Researchers at Victoria University of Wellington are developing a new non-invasive test that they hope will help fertility clinics quickly determine if embryos are carrying too many chromosomes.
Fifty percent of human embryos carry too many chromosomes.
This is a condition known as aneuploidy and it is usually fatal, with most of these embryos failing early on in a pregnancy.
The rate of aneuploidy increases as a mother’s age increases.
Down’s syndrome is an example of aneuploidy that is not fatal, although people carrying three copies of chromosome 21 instead of the usual two, experience intellectual and health difficulties.
This is particularly an issue in fertility clinics, where about 90 percent of embryos are implanted without undergoing pre-implantation genetic testing, which is expensive and involves collecting cells from an embryo when it is about a week old.
Victoria University of Wellington fertility expert Janet Pitman says that aneuploidy, therefore, significantly contributes to a low success rates of IVF in New Zealand, of around 18 percent.
Janet, and colleagues Zaramasina Clark and Melanie Olds, are working on a new test that could be used to test the embryo indirectly.
The idea is to identify biomarkers excreted by the embryo and see if they can be detected in the culture media that the embryo is being grown in.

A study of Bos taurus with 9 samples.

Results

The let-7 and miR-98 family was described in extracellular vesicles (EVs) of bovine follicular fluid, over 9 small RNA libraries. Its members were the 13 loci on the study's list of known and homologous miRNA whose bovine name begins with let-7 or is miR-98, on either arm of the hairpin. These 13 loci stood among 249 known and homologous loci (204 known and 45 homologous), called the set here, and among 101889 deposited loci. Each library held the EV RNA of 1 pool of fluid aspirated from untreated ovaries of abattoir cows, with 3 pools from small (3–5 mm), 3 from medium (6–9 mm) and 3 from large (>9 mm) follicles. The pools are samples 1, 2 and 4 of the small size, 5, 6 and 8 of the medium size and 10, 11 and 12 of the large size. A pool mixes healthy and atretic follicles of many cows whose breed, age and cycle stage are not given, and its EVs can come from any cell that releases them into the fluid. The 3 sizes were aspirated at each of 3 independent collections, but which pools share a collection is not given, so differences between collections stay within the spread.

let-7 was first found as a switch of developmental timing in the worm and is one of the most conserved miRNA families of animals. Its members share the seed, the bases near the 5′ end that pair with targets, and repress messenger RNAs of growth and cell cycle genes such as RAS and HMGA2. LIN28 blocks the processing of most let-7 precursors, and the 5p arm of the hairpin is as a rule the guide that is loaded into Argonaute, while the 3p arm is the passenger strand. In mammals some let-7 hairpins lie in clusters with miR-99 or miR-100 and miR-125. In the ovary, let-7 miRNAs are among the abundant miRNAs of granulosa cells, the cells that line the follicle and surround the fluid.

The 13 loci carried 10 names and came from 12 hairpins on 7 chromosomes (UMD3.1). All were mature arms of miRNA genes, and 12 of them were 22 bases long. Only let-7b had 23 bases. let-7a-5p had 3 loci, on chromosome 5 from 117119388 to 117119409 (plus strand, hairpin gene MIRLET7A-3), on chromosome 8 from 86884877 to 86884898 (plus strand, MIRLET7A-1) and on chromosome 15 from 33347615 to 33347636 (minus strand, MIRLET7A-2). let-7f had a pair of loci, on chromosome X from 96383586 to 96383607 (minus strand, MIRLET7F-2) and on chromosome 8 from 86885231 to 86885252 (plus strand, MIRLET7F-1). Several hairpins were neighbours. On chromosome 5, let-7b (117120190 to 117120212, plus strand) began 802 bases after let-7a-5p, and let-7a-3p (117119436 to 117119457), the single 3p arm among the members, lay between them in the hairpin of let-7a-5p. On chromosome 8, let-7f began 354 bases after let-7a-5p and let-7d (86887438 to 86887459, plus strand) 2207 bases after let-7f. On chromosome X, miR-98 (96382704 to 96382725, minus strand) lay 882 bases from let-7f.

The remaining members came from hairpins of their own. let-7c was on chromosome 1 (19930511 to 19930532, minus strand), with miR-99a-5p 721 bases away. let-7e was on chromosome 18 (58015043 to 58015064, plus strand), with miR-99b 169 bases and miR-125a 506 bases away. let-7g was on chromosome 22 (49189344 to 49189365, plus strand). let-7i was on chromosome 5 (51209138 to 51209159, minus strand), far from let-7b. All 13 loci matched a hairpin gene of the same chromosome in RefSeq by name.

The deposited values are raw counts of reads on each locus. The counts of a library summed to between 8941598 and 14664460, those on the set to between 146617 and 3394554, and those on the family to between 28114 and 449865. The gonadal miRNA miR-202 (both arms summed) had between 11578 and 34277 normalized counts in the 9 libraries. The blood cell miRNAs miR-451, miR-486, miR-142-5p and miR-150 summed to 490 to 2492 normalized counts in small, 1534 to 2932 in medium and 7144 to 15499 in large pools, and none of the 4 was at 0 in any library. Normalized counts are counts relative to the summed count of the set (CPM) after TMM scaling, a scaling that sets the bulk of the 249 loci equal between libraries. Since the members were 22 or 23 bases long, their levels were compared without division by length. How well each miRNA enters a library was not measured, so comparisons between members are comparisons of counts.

“We have been aware for some time that the embryo communicates with the uterus,” says Janet. “They send these little signals to each other.”
“They actually get rid of some genetic material in these membrane-enclosed vesicles.”
Janet says the vesicles, known as exosomes, contain micro-ribonucleic acids (miRNAs) which are tiny molecules comprised of non-coding RNA.
Janet says that these encapsulated and secreted miRNAs have been shown to be expressed at levels that correlate to various diseases, so the idea is that a cell containing three copies of a chromosome will excrete proportionally more miRNA than one containing just two copies.
“We’re really interested in the genes on chromosome 21, to see whether they are expressed at a 1.5-fold rate than those in a normal embryo because there are three chromosomes instead of two,” says Janet.
The team is in the early stages of research using Down’s syndrome mice that carry too many chromosomes to develop techniques for detecting and measuring the vesicles.
This research is funded by the Health Research Council.
Listen to the full podcast to hear more about aneuploidy and the research to develop a better test for it.